On the Picket Line: LA Teachers to Strike

In “a hail-Mary pass” to stop the projected Jan. 10 strike by over 35,000 Los Angeles public school teachers and professional staff represented by United Teachers Los Angeles, the Los Angeles Unified School District filed a lawsuit Jan. 3 requesting an injunction to stop special education teachers from joining the strike. A federal court swiftly dismissed it on Jan. 4.

A UTLA statement noted: “This sneaky maneuver — especially coming from a district that has repeatedly ignored UTLA’s contract demands for special education class-size caps to relieve the burden of overcrowded special education classrooms — is beyond cynical and counterproductive.”

After nearly two years without a contract, months of bad-faith bargaining and many unfair labor practice charges, the UTLA is set to strike unless the LAUSD comes to the Jan. 7 final negotiating session ready to meet UTLA’s demands.

The teachers want LAUSD to use its $1.9 billion unrestricted reserves to fund smaller class sizes, more nurses, counselors and librarians; more support for special, early, bilingual and adult education classes; end “toxic overtesting”; empower parents and educators through stronger Local School Leadership Councils; and address the $600 million charter industry drain from public funding.  

Given that 50,000 union and community members marched together on Dec. 15 supporting these social unionism demands for the district’s 600,000 students, UTLA President Alex Caputo-Pearl stated: “Our students and families are worth the investment, and the civic institution of public education in L.A. is worth saving.” (utla.net, Jan. 4) Support the LA teachers’ strike!

Court affirms controversial pro-worker ruling

The U.S. D.C. Circuit Court of Appeals upheld one of the most significant pro-labor rulings of the Obama administration on Dec. 28. The National Labor Relations Board ruling in the Browning-Ferris decision held corporations could be responsible for issues like wage discrimination or illegal job termination if employees were hired by contractors or worked for a franchised company.

As the NLRB noted about its 2015 ruling: “With more than 3.87 million of the nation’s workers employed through temporary agencies in August 2014, the Board held that its previous joint-employers standard has failed to keep pace with changes in the workplace and economic circumstances.”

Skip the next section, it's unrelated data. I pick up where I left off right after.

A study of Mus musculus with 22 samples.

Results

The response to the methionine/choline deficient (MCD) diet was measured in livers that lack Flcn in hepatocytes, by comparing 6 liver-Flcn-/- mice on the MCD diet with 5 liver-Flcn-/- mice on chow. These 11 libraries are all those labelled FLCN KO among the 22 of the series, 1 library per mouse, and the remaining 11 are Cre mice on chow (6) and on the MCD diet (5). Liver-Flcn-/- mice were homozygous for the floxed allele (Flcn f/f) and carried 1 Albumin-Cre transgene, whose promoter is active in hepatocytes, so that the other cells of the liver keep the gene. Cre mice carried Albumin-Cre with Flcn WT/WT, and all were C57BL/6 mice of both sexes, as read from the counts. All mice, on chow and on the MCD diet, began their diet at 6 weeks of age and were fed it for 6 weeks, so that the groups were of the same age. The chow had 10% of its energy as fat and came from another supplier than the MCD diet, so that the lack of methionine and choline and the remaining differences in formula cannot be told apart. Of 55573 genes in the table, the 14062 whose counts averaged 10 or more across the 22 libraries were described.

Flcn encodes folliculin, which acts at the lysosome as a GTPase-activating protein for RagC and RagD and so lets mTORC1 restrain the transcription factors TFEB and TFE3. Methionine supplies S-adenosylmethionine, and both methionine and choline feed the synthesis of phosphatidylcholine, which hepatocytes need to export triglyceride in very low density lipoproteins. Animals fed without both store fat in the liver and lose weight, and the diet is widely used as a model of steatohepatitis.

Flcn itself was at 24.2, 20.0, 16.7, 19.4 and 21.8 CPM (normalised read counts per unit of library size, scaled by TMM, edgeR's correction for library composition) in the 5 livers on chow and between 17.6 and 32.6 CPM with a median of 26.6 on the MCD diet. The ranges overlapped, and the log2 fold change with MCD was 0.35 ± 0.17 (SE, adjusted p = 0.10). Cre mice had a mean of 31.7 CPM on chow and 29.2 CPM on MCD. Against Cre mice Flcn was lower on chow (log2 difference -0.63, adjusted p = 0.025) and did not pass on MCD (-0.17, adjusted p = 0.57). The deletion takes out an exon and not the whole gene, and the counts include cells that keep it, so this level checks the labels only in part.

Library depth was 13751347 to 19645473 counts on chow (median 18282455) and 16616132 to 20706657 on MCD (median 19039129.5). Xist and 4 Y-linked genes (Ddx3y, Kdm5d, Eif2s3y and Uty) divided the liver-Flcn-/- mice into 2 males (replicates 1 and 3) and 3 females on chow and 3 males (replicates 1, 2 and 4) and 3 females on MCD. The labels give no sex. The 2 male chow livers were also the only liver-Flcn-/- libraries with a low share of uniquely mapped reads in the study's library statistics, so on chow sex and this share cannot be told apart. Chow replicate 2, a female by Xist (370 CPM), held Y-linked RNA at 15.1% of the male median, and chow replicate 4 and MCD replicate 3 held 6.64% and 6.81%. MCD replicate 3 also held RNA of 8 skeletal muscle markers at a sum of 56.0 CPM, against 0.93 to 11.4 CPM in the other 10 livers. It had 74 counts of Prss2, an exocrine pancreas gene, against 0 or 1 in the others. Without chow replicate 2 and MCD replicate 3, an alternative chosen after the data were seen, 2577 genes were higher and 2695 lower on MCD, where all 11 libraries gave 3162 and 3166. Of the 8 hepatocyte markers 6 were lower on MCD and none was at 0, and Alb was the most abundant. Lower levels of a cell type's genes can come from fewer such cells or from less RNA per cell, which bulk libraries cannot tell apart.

No wonder Browning-Ferris Industries, supported by business groups and corporations like Microsoft, have loudly and fiercely fought the NLRB ruling.

But because the appeals court ruled that the NLRB failed to properly define what constitutes “indirect control” for purposes of meeting the joint-employer test, it sent the issue back to the NLRB for clarification.

But that “throws a big wrench into the business groups’ plans to overturn the joint-employer standard,” wrote The Intercept. “It also significantly constrains what the Republican-controlled NLRB can do to curtail labor rights going forward. The Trump administration, which has argued against expanding the meaning of joint-employers to include those who have indirect control over workers, will now have to comply with the court ruling.” (Jan. 3)

By contrast, the ruling has exciting implications for McDonald’s workers who initiated the struggle for Fight for $15 and a union. If this is eventually decided in their favor and McDonald’s is declared a joint employer, the road to unionizing will be much easier. On with the struggle for justice for all franchise and temporary workers!

19 states raise minimum wages Jan. 1

Due to struggles by workers and their allies, minimum wages in 19 states rose this year, with raises due in three states later in 2019. The highest rate is in the District of Columbia at $13.25 an hour, with Massachusetts and Washington state at $12. The lowest rates are in Georgia and Wyoming at $5.15, though the $7.25 federal (poverty) wage may apply.

New York City instituted $15 an hour for workplaces with 11 or more employees and $13.50 for those with 10 or fewer. The minimum is $12 in three counties and $11.10 elsewhere in the state. The minimum will reach $15 by 2022. The hourly minimum wage in Oregon, effective July 1, depends on the region: metro Portland $12, rural areas $10.50 and elsewhere $10.75. For businesses in California with 26 workers the minimum is $12 ($15 by 2022); for those with less, it’s $11 ($15 by 2023).

The rate rose to $11 in Arkansas (thanks to ballot initiative) and Maine, while it’s $11.10 in Colorado. Vermont’s minimum is $10.78, with Rhode Island’s $10.50. Ranging between $9.89 in Alaska and $9.10 in South Dakota are rates in Arkansas, Michigan and and Minnesota. Ranging between $8.85 in New Jersey and $8.50 in Montana are Delaware ($9.25 on Oct. 1) and Missouri (due to ballot initiative). Only Mississippi has no minimum wage, so the $7.25 federal rate applies.